This article originally appeared on the Huffington Post, July 28, 2010
We have known for a long time that AIDS in Africa is increasingly a woman’s disease. In 2002, when Kofi Annan, then the UN Secretary General, famously declared that “AIDS has a woman’s face,” young women in sub-Saharan Africa (aged 15-24) were about twice as likely to be infected with HIV as men of the same age. Today, in the nine hardest-hit African countries, young women are about three times as likely as young men to be HIV positive.
A big part of the problem is that in societies where women have low status and enjoy few rights, they have little opportunity to practice safe sex. (One study in Lesotho, for example, found that 47% of men, and 40% of women, agreed that women have no right to refuse sex with their husbands or boyfriends.) Rampant sexual violence exacerbates women’s vulnerability. So do conditions of extreme poverty. Too many school girls engage in risky sexual behaviors in return for access to education.
Two recent studies offer some hope. The first, largely funded by USAID, involved a microbicide that appears to reduce HIV infection significantly in women and girls. Scientists working in two South African communities found that women who used the gel were 39 percent less likely to contract HIV than those who took a placebo, and those who applied the gel regularly were 54 percent less likely to be infected. Although more tests and more funding are needed before the product can go on the market, the discovery caused celebration in the scientific community.
A successful microbicide has been much sought after in the HIV world precisely because women can control its use. She can apply it up to 12 hours before or even after intercourse, without telling her partner. Previous microbicide trials, however, have ended in failure, so the results of this recent study were greeted enthusiastically, with some predicting that a roll-out of the microbicide has the potential to change the course of the AIDS epidemic.
The second study, funded primarily by the World Bank and the Gates Foundation, involved monthly cash payments (up to $15 per month) to schoolgirls and their families in Malawi as long as the girls attended school regularly. The goal was encourage girls to stay in school, but an unexpected outcome of the Malawi study was how the cash transfers led to important changes in sexual behavior, particularly a drop in risky transactional sex. Overall, the school girls receiving cash had less sex and also chose fewer and safer partners, resulting in lower HIV infection rates. After 18 months, HIV prevalence among girls who received the cash payments was 60 percent lower than among girls who did not, and herpes prevalence in the cash group was less than a third of that in the control group.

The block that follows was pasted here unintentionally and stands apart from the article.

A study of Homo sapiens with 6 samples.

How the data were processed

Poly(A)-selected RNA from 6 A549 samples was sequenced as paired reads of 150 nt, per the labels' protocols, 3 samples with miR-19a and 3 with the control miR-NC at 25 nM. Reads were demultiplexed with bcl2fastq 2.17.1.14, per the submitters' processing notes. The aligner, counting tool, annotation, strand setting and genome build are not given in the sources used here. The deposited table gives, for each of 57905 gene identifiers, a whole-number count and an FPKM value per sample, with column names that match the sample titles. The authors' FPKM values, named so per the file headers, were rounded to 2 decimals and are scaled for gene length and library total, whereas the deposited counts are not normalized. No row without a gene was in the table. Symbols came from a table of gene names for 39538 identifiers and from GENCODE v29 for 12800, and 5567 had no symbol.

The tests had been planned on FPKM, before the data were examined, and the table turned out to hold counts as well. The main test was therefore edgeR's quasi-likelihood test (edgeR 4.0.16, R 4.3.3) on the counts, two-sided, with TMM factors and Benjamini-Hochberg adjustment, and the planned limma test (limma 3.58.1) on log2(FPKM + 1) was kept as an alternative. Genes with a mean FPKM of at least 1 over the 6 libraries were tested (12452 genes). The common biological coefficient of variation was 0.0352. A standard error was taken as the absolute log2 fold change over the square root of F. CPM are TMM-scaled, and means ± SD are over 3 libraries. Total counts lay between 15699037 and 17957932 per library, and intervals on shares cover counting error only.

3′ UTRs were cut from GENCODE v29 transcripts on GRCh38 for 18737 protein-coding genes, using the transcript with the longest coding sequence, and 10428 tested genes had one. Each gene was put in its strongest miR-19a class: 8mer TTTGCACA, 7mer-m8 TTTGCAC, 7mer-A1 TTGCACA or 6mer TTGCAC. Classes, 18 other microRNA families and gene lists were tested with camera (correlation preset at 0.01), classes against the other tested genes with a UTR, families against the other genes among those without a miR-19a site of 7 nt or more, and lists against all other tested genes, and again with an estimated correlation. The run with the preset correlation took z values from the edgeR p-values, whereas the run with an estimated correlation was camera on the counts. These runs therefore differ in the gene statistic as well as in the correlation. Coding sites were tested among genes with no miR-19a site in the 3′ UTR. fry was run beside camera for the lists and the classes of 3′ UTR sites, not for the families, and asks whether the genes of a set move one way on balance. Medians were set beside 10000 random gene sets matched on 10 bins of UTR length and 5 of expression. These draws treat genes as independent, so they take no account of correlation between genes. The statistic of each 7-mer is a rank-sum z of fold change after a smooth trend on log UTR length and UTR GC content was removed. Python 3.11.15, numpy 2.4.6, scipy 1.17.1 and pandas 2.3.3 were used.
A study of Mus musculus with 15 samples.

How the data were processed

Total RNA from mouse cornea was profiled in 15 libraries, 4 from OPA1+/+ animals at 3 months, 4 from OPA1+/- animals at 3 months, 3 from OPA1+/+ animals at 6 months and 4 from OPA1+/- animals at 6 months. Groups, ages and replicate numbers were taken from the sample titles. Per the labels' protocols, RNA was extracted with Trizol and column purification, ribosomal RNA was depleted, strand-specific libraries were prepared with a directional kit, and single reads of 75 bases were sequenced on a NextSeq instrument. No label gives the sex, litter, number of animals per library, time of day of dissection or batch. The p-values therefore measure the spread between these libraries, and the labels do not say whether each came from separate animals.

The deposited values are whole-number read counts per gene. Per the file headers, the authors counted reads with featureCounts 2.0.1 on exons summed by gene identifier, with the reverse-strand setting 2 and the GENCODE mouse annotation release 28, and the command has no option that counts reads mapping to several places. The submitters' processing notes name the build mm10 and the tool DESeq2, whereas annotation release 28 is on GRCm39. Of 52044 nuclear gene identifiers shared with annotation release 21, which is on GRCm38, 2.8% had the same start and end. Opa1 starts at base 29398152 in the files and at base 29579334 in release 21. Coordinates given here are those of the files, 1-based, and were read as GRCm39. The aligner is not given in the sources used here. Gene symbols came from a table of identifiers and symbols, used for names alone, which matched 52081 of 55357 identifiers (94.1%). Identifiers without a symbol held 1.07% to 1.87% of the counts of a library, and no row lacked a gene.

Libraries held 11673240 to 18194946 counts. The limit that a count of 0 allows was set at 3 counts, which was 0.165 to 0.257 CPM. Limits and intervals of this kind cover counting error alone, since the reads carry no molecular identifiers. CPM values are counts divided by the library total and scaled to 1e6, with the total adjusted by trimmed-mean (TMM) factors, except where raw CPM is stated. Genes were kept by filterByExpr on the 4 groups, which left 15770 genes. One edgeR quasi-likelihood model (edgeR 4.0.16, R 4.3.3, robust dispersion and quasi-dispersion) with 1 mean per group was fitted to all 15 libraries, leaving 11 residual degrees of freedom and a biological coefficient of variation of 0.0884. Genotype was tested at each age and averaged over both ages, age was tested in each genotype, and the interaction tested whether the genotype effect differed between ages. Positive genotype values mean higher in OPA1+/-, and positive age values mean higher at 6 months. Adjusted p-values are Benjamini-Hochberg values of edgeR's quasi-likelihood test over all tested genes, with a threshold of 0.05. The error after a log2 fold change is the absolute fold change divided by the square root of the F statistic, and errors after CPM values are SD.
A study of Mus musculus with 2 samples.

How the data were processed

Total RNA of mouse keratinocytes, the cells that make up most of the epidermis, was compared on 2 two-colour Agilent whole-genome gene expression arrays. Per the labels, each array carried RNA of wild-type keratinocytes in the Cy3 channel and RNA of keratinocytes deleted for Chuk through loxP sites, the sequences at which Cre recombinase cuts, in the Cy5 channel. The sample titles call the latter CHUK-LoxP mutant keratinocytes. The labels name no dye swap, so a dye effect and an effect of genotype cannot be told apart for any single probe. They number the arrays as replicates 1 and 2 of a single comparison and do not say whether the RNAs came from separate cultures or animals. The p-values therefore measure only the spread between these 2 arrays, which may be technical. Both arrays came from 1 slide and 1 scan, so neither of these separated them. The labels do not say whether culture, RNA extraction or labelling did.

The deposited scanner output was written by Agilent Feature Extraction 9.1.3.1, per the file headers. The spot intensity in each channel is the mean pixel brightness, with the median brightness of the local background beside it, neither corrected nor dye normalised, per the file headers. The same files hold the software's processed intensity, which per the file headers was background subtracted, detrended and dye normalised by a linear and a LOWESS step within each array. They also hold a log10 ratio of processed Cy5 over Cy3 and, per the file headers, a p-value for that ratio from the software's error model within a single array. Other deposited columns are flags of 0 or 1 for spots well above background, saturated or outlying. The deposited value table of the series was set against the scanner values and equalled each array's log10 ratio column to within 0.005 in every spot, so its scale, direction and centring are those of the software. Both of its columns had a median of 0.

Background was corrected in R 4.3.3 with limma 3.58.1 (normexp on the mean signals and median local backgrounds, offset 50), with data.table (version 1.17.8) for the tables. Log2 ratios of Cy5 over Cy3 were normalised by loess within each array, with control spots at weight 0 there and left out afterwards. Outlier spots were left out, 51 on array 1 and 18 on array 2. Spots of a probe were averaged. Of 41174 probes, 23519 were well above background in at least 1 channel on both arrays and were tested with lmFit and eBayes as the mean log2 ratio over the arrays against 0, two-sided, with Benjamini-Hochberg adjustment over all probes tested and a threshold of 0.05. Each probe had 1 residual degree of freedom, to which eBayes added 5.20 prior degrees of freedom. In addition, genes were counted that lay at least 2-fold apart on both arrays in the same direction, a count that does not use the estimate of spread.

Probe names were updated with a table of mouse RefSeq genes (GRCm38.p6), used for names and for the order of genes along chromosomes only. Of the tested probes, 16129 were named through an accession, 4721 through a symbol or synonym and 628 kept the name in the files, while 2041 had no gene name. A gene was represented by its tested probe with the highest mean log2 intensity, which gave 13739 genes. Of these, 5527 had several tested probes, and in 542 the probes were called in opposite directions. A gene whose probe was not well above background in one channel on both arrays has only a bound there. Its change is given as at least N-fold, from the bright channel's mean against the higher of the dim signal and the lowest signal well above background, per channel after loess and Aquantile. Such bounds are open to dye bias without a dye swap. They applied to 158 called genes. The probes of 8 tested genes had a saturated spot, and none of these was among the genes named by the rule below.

In extremely poor countries, girls often enter sexual relationships because the man provides gifts or money. In the Malawi study, for example, 90 percent of girls in the control group said they received an average of $6.50 in gifts or cash from their sexual partners, a not insubstantial sum in a country where GDP per capita is roughly $300. Girls’ desire to attend school is well-known, and the pay-off from girls’ education is incontrovertible: higher lifetime earnings and productivity, improved health and nutrition for the next generation. Less discussed is the dangerous sexual behavior girls engage in today to be able to afford the books, uniforms, and “teacher tips” required in poor countries like Malawi. Clearly, the $15 per month provided in the study was sufficient to change that behavior. Such cash transfers may prove to be a cost-effective means of disrupting the vicious cycle of poverty and disease among vulnerable girls in sub-Saharan Africa. Prevention of HIV is certainly more preferable than treatment.
The increasing feminization of AIDS in sub-Saharan Africa requires that preventative measures address the cultural and social realities that drive unsafe behaviors. At the root of these behaviors is the low status of women, which is why putting women in control of prevention-based strategies is a crucial part of the solution. Budgetary pressures in the U.S. and other industrialized countries are inevitably putting stress on efforts to expand treatment, giving preventative measures greater urgency. The success of the microbicide study in South Africa and the cash transfer initiative in Malawi provides a rare glimmer of hope.